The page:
Several CHIP Affiliates have recently been featured in the news and other media. We are proud to share the following appearances:
CHIP Affiliate Cheryl Oncken was interviewed in an NPR Morning Edition piece on November 25, 2013, titled, “In Pregnancy, What’s Worse? Cigarettes or the Nicotine Patch?” An excerpt from the piece:
In her own research, Oncken has found that nicotine gum does help. “It helped women reduce their smoking but not actually quit,” she says. The study also showed that women who used nicotine gum had lower overall exposure to nicotine and had babies who weighed more.
And nicotine isn’t the only toxin in cigarette smoke that can affect brain development, Oncken says. There’s also a lot of carbon monoxide, which has been shown to damage fetal brain cells. “And there are other things that could be neurotoxic,” she says, “such as lead, there’s arsenic, there’s a lot of bad things in cigarettes.”
CHIP PI Seth Kalichman was featured in a UConn Today article on December 6, 2013, titled “HIV/AIDS Prevalence and Prospects,” in recognition of World AIDS Awareness Month. An excerpted quote from Dr. Kalichman:
There’s a real possibility that in the not too distant future we will look at HIV/AIDS in much the same way we look at diabetes and other chronic diseases that can be largely controlled by making certain lifestyle changes and taking appropriate medication.
One of Dr. Kalichman’s advisees and a CHIP Graduate Student Affiliate, Jennifer Pellowski, was featured on DugDug.com, a website that brings scientific research to the public. In the feature titled “A Pandemic of The Poor: Social Disadvantage and the U.S. HIV Epidemic,” Jennifer discusses health disparities, focusing on HIV. An excerpt:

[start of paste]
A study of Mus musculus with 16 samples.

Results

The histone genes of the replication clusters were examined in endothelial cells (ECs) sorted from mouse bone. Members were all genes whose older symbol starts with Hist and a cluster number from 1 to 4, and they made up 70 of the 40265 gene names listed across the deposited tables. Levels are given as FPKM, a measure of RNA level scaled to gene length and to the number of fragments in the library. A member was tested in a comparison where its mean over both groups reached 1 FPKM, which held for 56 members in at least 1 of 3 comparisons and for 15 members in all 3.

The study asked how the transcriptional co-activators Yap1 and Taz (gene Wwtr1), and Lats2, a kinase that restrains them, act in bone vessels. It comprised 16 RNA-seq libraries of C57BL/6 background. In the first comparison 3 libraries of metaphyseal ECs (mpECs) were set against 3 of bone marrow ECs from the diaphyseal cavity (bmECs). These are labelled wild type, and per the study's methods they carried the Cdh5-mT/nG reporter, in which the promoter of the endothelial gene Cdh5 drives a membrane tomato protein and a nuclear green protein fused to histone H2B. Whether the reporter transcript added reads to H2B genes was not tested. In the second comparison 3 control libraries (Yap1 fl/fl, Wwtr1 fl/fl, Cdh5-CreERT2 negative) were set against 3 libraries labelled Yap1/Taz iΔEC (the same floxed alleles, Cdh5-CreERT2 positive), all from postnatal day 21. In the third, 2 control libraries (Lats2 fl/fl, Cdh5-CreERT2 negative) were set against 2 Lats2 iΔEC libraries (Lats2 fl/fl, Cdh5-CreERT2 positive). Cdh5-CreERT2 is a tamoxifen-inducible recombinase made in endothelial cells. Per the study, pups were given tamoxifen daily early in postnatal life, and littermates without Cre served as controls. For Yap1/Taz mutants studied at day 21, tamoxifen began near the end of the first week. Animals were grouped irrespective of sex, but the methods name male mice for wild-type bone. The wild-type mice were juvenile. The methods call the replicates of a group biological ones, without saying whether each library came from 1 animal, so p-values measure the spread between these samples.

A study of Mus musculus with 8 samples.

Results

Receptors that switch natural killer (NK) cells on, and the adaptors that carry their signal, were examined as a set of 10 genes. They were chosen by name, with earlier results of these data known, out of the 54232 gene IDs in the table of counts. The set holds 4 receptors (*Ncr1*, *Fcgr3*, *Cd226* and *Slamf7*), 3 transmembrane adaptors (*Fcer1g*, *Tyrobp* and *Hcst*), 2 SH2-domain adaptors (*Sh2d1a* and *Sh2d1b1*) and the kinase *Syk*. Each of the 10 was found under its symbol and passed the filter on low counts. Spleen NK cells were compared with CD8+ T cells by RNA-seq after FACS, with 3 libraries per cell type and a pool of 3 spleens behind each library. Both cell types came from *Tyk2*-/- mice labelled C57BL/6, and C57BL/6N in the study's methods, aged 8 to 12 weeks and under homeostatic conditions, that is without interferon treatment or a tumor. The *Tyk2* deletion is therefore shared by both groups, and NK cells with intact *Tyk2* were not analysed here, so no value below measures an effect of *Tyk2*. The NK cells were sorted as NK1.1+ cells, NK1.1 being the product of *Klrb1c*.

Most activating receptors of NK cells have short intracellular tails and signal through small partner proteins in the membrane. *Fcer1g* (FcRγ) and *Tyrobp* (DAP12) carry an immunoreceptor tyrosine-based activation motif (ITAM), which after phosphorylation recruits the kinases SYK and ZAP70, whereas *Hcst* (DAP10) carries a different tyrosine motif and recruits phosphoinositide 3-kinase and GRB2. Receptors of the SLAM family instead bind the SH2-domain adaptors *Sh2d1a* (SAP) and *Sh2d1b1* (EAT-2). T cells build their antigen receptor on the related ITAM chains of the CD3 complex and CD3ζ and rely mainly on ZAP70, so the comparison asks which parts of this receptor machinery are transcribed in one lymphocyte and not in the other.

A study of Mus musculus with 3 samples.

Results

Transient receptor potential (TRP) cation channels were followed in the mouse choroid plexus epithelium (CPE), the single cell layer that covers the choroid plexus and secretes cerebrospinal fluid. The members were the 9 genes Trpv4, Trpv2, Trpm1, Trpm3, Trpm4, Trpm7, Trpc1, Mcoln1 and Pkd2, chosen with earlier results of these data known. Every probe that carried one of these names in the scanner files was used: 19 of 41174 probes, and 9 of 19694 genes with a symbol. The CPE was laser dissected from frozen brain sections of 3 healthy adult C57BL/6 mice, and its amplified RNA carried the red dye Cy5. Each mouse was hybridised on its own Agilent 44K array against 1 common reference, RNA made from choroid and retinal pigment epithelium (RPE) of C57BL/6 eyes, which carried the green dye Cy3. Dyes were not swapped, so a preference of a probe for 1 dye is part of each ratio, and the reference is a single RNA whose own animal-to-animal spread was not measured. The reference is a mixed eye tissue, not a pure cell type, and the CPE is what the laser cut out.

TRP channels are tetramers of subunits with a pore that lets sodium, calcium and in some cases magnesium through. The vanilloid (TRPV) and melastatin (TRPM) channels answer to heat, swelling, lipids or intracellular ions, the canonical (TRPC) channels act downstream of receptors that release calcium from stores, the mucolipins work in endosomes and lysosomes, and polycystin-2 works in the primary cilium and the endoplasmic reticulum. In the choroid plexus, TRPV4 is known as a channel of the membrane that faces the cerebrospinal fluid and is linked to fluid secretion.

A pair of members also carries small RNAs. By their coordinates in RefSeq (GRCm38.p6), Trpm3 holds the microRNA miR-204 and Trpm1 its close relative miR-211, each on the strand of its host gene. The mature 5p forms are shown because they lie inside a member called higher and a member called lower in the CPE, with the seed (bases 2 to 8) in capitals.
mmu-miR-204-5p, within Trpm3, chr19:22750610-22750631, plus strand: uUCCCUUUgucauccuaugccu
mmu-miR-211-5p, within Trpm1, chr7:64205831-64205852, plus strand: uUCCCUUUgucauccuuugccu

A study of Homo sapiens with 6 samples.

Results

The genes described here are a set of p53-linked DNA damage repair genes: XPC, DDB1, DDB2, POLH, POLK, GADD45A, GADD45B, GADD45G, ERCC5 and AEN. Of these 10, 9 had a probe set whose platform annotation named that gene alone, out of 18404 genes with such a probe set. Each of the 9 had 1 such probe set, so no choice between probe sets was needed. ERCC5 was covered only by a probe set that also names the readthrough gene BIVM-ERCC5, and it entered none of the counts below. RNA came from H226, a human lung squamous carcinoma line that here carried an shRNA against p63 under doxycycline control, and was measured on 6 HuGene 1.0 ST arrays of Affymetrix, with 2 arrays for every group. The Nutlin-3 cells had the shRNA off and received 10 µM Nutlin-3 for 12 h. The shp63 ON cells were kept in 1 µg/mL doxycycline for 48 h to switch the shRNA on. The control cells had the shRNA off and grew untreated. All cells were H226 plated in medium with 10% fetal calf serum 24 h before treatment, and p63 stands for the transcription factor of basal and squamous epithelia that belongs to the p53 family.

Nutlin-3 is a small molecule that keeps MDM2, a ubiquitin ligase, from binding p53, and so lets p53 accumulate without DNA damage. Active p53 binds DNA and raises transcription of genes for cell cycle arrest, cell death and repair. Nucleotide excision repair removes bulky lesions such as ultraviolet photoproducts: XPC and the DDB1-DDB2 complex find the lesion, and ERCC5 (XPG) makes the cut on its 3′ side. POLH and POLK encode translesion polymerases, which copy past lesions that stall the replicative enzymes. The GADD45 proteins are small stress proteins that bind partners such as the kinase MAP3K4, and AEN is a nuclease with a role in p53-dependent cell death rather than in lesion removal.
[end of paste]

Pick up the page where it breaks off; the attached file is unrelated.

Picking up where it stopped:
Like many other diseases, HIV burden is greatest among the poorest people of our nation. In addition to low socioeconomic status, racial minorities and sexual orientation minorities are also disproportionately impacted by the HIV epidemic. Our review shows that in addition to being more likely to contract HIV, these groups also have differential outcomes among those living with HIV. For example, African Americans are less likely to receive standard HIV care and Latinos are more likely to experience delays in starting medical care after contracting HIV. These disparities impact quality of life as well as mortality rates. What is unique about this paper is that it pulls together all of the literature on health disparities within the HIV epidemic showing just how prevalent and far reaching these disparities are.
CHIP Research Staff Tim Gifford was featured in an Innovation Spotlight piece on the UConn Technology Park website for his research on how robots can help children with autism learn and communicate. Excerpted from “A Story of Robots and Autism“:
Timothy Gifford – who is the CEO of Movia Robotics as well as the director of the Advanced Interactive Technology Center at UConn’s Center for Health, Intervention, and Prevention (CHIP) – sees the work as having potential to cross over into the marketplace.
“That’s really the goal: to take this out of the lab and into the classroom,” he says. “One of the reasons we wanted to make this a commercially available product is to get it into the hands of as many schools and students as possible.”